SMITH BROTHERS RESTAURANTS
A leisurely Sunday outing along the Arroyo Seco Parkway is one of the most pleasant drives in the Los Angeles area. Follow the Parkway—officially State Route 110—to its northern terminus and you will find two landmark restaurants in Pasadena, Calif., Parkway Grill and Arroyo Chop House, both owned by Smith Brothers Restaurant Corporation.
Brothers Bob and Gregg Smith have been feeding the dining needs of San Gabriel Valley residents for more than four decades, beginning in 1974 with Reflections in their native La Cañada. Neither planned on making their careers in the restaurant industry: Bob Smith had his own dental practice in Yucca Valley; Gregg Smith finished business school and signed on with a San Francisco advertising agency. “I saw it wasn’t for me,” Gregg Smith explains. So he moved to Yucca Valley, too. “I had never been in the restaurant business before, but I got a job at Red Baron Steakhouse,” he says. A year later, he moved back home and, with his brother’s help, launched their first business venture.
Ten years later, the brothers rocked the Pasadena dining world with the stylish Parkway Grill, which brought the first wood-burning pizza oven to town, only the fourth of its kind in Los Angeles County. It also brought Bob Smith back home, after he sold his dental practice to focus on the partnership with his brother.
“That was before the pre-fab days. We called a fellow in San Francisco who was a mason who had built these pizza ovens by scratch,” Gregg Smith recalls, adding, “He said, ‘Get me a guy who can work alongside me and supply me with all the beer I can drink and I’ll be there.’” Smith remembers something else about the construction: “The mason said, ‘there is so much rebar in it, if there’s ever an earthquake, the safest place to be is inside this oven.’ ”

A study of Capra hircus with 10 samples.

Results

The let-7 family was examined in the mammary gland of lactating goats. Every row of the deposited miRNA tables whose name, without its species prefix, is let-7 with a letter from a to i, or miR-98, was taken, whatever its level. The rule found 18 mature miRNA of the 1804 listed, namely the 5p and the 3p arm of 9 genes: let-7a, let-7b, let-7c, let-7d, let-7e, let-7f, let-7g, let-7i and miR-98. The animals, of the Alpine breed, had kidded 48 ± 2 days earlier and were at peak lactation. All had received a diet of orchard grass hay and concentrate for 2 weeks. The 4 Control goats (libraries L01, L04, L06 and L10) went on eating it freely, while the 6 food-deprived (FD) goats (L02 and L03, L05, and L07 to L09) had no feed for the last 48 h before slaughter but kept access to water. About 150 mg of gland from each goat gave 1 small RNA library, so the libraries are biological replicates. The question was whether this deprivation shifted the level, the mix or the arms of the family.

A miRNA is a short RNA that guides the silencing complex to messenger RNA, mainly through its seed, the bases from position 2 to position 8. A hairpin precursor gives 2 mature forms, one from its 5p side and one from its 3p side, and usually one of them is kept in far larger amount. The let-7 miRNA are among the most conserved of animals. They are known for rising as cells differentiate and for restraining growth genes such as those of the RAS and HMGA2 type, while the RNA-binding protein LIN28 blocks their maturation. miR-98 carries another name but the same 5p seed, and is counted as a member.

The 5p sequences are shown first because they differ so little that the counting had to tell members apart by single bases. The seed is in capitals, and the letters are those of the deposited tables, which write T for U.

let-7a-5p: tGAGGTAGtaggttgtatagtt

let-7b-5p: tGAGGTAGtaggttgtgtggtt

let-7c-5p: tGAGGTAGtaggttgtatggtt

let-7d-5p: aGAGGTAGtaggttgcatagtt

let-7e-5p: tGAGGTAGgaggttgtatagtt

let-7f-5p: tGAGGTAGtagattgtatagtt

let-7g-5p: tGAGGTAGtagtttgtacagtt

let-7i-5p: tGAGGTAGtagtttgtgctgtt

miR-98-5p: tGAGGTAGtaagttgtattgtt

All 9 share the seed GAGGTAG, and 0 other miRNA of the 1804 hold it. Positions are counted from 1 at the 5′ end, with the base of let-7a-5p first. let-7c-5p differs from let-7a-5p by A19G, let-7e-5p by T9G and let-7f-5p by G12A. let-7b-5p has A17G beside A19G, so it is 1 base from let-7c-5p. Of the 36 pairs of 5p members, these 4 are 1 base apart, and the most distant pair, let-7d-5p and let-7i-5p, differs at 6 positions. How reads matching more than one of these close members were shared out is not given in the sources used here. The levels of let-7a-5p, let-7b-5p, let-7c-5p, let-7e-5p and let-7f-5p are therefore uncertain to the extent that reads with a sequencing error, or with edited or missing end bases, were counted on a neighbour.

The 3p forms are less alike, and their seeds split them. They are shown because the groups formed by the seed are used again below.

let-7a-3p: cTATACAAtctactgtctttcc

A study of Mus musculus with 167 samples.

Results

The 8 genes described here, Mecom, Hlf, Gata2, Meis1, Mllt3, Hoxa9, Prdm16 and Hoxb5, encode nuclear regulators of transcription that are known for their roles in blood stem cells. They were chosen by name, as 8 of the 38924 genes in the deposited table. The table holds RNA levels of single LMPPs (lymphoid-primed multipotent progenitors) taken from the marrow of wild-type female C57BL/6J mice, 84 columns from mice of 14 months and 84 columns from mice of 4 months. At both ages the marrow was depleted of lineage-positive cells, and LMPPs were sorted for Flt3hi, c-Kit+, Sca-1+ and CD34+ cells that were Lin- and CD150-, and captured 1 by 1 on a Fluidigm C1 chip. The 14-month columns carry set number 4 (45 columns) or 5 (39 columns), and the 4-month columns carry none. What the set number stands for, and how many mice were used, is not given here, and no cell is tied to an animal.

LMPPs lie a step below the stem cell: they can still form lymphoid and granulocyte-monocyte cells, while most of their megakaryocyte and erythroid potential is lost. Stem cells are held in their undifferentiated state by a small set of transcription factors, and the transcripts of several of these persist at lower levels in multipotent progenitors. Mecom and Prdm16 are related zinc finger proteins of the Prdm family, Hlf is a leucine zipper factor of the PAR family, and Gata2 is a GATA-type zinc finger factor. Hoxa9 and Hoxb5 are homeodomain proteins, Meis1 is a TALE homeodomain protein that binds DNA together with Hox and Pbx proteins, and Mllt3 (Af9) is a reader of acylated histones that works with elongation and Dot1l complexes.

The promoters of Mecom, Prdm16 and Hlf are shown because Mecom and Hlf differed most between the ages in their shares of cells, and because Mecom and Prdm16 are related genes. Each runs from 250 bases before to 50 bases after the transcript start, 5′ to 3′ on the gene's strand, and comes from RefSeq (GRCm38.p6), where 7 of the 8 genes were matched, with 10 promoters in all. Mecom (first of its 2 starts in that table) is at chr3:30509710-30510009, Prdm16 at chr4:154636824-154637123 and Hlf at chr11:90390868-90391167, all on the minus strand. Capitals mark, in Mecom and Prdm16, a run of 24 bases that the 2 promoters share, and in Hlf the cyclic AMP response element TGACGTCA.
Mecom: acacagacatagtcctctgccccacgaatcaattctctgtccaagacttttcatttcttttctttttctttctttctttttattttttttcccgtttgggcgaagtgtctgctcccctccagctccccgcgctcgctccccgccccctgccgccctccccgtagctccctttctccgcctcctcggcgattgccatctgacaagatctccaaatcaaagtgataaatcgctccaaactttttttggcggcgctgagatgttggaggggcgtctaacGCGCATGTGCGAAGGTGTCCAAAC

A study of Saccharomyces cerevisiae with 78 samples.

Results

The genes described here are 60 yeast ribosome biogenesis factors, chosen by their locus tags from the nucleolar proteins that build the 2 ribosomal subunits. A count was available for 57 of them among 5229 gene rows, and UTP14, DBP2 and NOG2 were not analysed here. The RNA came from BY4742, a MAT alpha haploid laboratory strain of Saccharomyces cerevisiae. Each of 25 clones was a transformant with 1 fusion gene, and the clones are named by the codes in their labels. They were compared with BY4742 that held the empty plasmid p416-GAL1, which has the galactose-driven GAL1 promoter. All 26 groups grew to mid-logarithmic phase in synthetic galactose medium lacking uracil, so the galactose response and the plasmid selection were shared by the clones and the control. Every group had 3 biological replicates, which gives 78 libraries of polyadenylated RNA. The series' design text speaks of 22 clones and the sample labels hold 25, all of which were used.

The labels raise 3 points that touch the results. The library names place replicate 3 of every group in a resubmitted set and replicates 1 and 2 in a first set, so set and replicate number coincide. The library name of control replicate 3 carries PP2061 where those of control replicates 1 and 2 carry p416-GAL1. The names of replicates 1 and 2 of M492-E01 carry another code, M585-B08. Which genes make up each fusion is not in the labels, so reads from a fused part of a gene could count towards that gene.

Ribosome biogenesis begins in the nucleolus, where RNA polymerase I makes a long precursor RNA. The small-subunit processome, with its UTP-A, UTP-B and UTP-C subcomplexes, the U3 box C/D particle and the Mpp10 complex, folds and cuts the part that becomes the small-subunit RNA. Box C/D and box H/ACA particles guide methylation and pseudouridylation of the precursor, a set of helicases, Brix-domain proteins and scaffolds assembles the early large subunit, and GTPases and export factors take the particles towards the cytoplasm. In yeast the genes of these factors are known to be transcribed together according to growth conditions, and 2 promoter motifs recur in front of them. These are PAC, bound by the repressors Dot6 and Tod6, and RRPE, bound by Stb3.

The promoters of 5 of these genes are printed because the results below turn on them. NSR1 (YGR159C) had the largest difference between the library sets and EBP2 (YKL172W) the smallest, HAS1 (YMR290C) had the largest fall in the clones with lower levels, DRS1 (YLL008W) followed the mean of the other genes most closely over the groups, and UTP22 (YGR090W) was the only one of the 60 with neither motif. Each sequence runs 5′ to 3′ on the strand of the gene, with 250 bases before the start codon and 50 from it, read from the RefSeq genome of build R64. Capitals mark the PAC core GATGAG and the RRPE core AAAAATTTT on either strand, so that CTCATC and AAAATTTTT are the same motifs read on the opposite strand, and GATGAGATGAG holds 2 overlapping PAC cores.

That oven still anchors the kitchen, turning out roasted meats, flat breads and pizzas daily. The restaurant has burnished the careers of many influential area chefs, including Steve Singer and Amy Pressman, who formed the opening team, Hugo Molina and J. P. Amateau.
The next project for the Smiths was Crocodile Café, the first of which opened in 1987 with a family-friendly menu of burgers, sandwiches and salads. The concept expanded to 15 locations in five states before the brothers sold most of the chain. The original location has tested several themes over the years, the latest of which is SECO New American, which also features a wood-burning oven.
Arroyo Chop House joined the team in 1997 to fill the need for a Prime steakhouse in the area. Its location directly across from Parkway Grill also inspired the brothers’ decision. “We wanted to be our own competition,” Smith admits.
Ducz, which debuted in 2001, “was our best effort ever. But it was a little too sophisticated, a little too expensive. People still bring it up,” Smith divulges. That location has housed Smitty’s, a more casual grill, since 2002.
One strength that has kept the Smiths on top of the Pasadena restaurant market is their lack of ego. As soon as they sense that one of their ventures has drifted away from customer preferences, they change it. “It doesn’t bother us one iota (to reconcept). If it isn’t working, we try something else. We need to make it successful,” Smith says.
“We are the House of Yes. Our only policy is to say yes and satisfy the guest,” Smith continues, noting, “There are so many restaurants in Pasadena, so many sophisticated operators. We try to compete with that, but we’re the small Mom and Pop, involved in the community. We give back in a big way, we live here, we’ve got our finger on the pulse.”